New workshops about everyday life through the ages at the Weald & Downland Open Air Museum
PUBLISHED: 10:34 17 November 2014 | UPDATED: 10:34 17 November 2014
The Weald & Downland Open Air Museum celebrates the success of new schools workshops – covering topics including farming, food and fashion in Anglo Saxon England.
Finger loop braiding, dressing up in historical outfits, playing a game of skill and chance in Saxon farming, and the ‘nine herbs charm’ – these are just a few of the new activities that schools groups are experiencing as part of the Museum’s historical life workshops.
Since September the Museum has been delivering a new series of extra workshops, which respond to the latest changes in the national curriculum. For Key Stage 2 pupils, the Museum runs workshops that explore everyday life through the ages – clothing, food, health and medicine, a child’s life and farming. These sessions are also enjoyable and informative for groups who may not be following the curriculum.
New early years workshops have been carefully designed to give an overview of the buildings, animals and homes at the Museum, alongside time for pupils to get out and about to explore the downland site. There are Tudor workshops that cover several topics in the Key Stage 3 history curriculum and the Museum is always happy to offer bespoke tours for college groups on topics as diverse as carpentry, architecture, sustainability, farming, tourism, fashion and design.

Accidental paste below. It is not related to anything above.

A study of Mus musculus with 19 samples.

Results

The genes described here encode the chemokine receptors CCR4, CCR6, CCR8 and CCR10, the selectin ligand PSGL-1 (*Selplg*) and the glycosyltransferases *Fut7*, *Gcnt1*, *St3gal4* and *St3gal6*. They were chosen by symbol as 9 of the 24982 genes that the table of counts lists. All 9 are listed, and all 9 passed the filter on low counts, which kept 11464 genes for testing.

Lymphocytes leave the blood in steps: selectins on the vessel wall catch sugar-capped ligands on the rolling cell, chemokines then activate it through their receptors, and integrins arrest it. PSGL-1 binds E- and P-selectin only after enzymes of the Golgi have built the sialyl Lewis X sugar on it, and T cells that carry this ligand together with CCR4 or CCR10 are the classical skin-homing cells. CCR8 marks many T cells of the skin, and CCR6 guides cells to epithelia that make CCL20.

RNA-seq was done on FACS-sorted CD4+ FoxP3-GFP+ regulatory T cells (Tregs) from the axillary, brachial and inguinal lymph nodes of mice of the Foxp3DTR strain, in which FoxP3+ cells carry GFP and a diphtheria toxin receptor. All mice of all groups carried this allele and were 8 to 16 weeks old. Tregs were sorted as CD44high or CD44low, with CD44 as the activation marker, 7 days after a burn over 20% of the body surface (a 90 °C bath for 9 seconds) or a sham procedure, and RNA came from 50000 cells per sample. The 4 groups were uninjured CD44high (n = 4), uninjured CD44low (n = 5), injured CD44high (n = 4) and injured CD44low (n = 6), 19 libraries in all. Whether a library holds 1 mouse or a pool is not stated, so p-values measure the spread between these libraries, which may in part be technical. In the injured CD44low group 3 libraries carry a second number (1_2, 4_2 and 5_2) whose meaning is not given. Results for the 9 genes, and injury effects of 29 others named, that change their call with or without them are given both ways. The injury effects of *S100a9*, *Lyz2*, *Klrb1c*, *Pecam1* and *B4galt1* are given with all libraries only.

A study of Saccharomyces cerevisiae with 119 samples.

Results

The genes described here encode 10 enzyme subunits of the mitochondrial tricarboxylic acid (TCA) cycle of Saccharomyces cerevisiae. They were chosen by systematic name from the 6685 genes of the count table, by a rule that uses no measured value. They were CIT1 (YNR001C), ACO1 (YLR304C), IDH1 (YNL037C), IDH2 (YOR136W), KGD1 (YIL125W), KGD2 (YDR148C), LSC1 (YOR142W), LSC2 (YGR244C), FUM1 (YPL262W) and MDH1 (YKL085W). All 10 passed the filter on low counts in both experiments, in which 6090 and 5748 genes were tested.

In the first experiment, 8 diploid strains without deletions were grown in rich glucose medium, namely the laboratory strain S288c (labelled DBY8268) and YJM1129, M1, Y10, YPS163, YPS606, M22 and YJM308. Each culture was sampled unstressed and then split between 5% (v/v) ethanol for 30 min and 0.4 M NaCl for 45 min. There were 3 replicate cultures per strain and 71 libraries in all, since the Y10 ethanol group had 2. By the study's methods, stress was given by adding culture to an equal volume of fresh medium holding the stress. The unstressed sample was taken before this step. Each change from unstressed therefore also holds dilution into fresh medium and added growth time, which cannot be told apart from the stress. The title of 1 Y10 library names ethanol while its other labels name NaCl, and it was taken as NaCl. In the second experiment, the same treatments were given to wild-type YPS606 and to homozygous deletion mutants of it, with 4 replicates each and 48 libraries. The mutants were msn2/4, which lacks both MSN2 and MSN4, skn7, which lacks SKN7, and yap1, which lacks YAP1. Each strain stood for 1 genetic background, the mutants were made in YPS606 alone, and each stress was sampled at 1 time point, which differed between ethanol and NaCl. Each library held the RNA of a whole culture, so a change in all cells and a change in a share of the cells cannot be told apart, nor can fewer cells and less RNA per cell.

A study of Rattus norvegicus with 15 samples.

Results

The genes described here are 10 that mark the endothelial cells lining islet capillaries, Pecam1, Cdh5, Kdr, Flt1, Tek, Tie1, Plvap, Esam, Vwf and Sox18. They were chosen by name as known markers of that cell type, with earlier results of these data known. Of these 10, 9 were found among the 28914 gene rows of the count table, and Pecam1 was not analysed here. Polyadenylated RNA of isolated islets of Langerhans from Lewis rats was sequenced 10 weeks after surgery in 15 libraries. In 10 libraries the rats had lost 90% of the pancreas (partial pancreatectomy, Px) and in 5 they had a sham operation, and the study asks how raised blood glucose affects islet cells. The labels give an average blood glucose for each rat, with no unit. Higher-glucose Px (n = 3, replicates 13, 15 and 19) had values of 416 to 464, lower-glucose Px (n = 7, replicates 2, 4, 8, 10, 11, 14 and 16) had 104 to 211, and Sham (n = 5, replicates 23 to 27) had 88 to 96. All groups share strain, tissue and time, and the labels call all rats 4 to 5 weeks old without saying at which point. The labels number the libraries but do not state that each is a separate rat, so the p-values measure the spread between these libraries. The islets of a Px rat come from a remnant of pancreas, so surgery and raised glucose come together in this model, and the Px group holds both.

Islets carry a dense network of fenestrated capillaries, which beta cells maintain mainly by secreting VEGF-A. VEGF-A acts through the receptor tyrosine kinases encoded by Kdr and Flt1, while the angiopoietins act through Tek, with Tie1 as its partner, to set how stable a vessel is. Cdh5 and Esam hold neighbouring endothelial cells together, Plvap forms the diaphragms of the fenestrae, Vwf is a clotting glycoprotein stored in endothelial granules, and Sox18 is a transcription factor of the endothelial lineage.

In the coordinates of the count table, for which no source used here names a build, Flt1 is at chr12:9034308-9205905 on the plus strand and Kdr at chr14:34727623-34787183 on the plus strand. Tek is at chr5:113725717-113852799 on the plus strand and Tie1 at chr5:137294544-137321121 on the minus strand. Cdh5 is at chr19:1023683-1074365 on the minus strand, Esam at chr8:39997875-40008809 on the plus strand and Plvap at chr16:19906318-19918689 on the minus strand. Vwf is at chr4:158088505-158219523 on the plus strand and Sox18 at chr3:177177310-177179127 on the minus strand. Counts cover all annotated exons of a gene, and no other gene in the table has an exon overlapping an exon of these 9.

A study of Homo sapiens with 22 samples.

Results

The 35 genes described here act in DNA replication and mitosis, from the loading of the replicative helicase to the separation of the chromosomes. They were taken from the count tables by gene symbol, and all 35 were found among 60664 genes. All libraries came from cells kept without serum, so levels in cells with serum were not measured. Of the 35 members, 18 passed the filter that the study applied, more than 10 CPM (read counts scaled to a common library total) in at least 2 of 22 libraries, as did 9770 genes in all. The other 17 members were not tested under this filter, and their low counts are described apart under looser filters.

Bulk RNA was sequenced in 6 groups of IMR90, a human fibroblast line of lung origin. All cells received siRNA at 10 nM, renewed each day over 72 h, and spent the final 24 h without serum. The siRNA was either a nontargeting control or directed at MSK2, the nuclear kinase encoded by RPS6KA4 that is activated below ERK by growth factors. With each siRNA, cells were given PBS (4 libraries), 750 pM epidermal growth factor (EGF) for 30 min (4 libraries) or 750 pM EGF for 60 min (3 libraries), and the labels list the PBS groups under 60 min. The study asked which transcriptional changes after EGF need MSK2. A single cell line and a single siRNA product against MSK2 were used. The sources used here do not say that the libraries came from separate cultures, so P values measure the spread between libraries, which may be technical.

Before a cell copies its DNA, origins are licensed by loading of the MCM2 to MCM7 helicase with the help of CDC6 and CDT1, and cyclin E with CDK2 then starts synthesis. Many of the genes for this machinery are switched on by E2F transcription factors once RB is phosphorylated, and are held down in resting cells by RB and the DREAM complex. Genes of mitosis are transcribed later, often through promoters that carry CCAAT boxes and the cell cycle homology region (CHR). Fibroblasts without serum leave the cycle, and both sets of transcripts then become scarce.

The Museum has received very positive feedback from teachers:
‘The workshops were very good – these developed the children’s knowledge significantly’. ‘Our head teacher commented on how relevant and rewarding our days were… the 70 mile journey was well worth it!’ ‘The volunteers and staff were so helpful and kind’.
Workshops run for educational groups throughout the year and the schools team at the Museum are happy to help teachers to design the best possible day for their group. Please contact the Museum’s schools team at firstname.lastname@example.org, call 01243 811459 or visit www.wealddown.co.uk. There are details of the Museum’s schools services under the ‘schools’ tab on the website.
Since its inception in 1970, the Museum has delivered a quality education programme to schools. Richard Pailthorpe, Museum Director, comments:
“A visit to the Museum is truly inspirational for children. It allows them to leave the classroom environment and experience history in a new light, where artefacts can be handled and our rural downland location – underpinning the importance of farming and the countryside.”
In 2008 the Museum was one of the first to be awarded the new Learning outside the Classroom Quality Badge as part of a new initiative to promote practical education outside the classroom. The Museum also boasts the Sandford Award for Heritage Learning.